Question: Has anyone used PROFILE router bits...

I’ve been looking at my rather large array of router bits used in the woodworking that I do; trying to figure out if I will be be able to utilize any of the profile bits for doing edge work. I’m not talking bout straight bit, round end bits, V-bits as all of those can work.

I am thinking of various shaped edge profile bits, and bit for cutting stiles and rails. Or even something like a tongue and groove bits.

Also, I’m thinking of cutting a hole in my table top that would allow me to place and clamp pieces used for drawers and cut dovetails, box joints etc.

I realize that “adding” a side profile would call for a tool change, or better yet, setup and ran as a separate job completely.

I also realize, that it will take sever passes, just as it does on my router table.

The machine knows not what the bit looks like, only where to move it and how far to move it. I also realize, that the workpiece will need to be slightly elevated to allow for the bits’ extra length to pass. I also believe that since most of my profile bits have bearings to limit the ‘max’ cut that the bearing would have to be removed, and possibly the small knobby mount ground off (not planning on doing that on my high dollar bits) but am willing to modify my cheap bits. Oh, the reason I believe the bearing will need removed is to prevent any damage to the router, and LowRider should if want to cut a few mills deeper than the bit is designed for.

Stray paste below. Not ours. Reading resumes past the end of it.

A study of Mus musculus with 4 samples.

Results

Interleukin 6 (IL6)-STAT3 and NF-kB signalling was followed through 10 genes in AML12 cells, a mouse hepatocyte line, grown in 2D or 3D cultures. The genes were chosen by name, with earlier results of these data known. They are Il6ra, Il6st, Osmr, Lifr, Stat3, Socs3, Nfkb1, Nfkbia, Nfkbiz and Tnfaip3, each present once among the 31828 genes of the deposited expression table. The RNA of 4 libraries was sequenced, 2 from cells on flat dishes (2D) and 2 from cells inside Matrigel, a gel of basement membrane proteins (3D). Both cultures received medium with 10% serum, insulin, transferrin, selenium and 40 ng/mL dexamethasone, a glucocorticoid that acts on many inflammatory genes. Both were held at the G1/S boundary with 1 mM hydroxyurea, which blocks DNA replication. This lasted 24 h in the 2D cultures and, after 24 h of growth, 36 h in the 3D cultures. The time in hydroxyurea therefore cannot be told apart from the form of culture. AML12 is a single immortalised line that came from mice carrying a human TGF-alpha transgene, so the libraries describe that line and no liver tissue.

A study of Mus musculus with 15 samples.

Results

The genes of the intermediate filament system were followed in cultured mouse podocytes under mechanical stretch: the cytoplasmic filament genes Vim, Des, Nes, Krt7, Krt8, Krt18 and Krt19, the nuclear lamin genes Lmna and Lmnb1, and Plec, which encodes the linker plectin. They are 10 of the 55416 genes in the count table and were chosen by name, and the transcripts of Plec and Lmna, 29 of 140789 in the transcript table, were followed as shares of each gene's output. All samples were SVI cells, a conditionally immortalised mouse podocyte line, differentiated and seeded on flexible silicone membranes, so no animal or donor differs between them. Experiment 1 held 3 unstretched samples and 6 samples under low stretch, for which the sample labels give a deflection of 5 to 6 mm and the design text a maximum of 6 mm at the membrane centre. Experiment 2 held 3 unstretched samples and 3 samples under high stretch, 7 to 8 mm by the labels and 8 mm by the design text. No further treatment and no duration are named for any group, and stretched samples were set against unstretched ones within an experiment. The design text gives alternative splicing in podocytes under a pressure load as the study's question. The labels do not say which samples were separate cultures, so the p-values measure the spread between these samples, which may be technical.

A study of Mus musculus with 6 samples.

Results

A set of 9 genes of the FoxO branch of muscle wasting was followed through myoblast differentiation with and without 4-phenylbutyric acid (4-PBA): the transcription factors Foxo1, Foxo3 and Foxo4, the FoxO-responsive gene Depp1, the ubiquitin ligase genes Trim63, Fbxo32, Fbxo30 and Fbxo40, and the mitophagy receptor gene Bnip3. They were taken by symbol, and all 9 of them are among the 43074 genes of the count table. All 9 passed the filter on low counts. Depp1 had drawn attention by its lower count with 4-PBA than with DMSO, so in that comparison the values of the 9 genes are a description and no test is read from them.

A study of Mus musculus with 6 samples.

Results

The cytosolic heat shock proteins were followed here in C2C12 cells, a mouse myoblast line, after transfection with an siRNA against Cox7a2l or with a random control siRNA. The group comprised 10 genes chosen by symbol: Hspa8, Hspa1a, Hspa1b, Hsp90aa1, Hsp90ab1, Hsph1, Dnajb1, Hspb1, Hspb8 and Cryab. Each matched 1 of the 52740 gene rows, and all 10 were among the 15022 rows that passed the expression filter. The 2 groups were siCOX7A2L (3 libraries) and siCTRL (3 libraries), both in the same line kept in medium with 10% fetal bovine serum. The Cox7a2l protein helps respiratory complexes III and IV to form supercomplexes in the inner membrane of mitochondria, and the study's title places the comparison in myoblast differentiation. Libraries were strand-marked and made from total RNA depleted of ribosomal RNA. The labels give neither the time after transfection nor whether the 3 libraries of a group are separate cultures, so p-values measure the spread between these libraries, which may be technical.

On profile that I can see working even better on the LowRider 2 is a Locking Miter Joint, as it could be dialed in and cut easier and safer that on a router table.

Anyway, if anyone has used any profile bits with the LowRider 2, please let me know, and tip, advice, etc. will be welcomed.

It would be much faster to cut the rough shape on the CNC and use the router by hand with the follower bearing. You could do some nice stuff and it would be hours faster that way. Or for instance doing cabinet, use the CNC to cut the pasterns and uses follower bit by hand.

Your hands are good with high force so they are faster but not accurate. The CNC would be painfully slow but insanely more accurate. Mix them to your advantage.

Just to kind of drive that home, when will mill stuff most of us take it out and either sand the surface lightly by hand or round the edges with a deburring tool. Both could be done with the CNC but would take forever comparatively. Mixing is the way to go, gotta have something to do while the cnc is cutting teh next part anyway.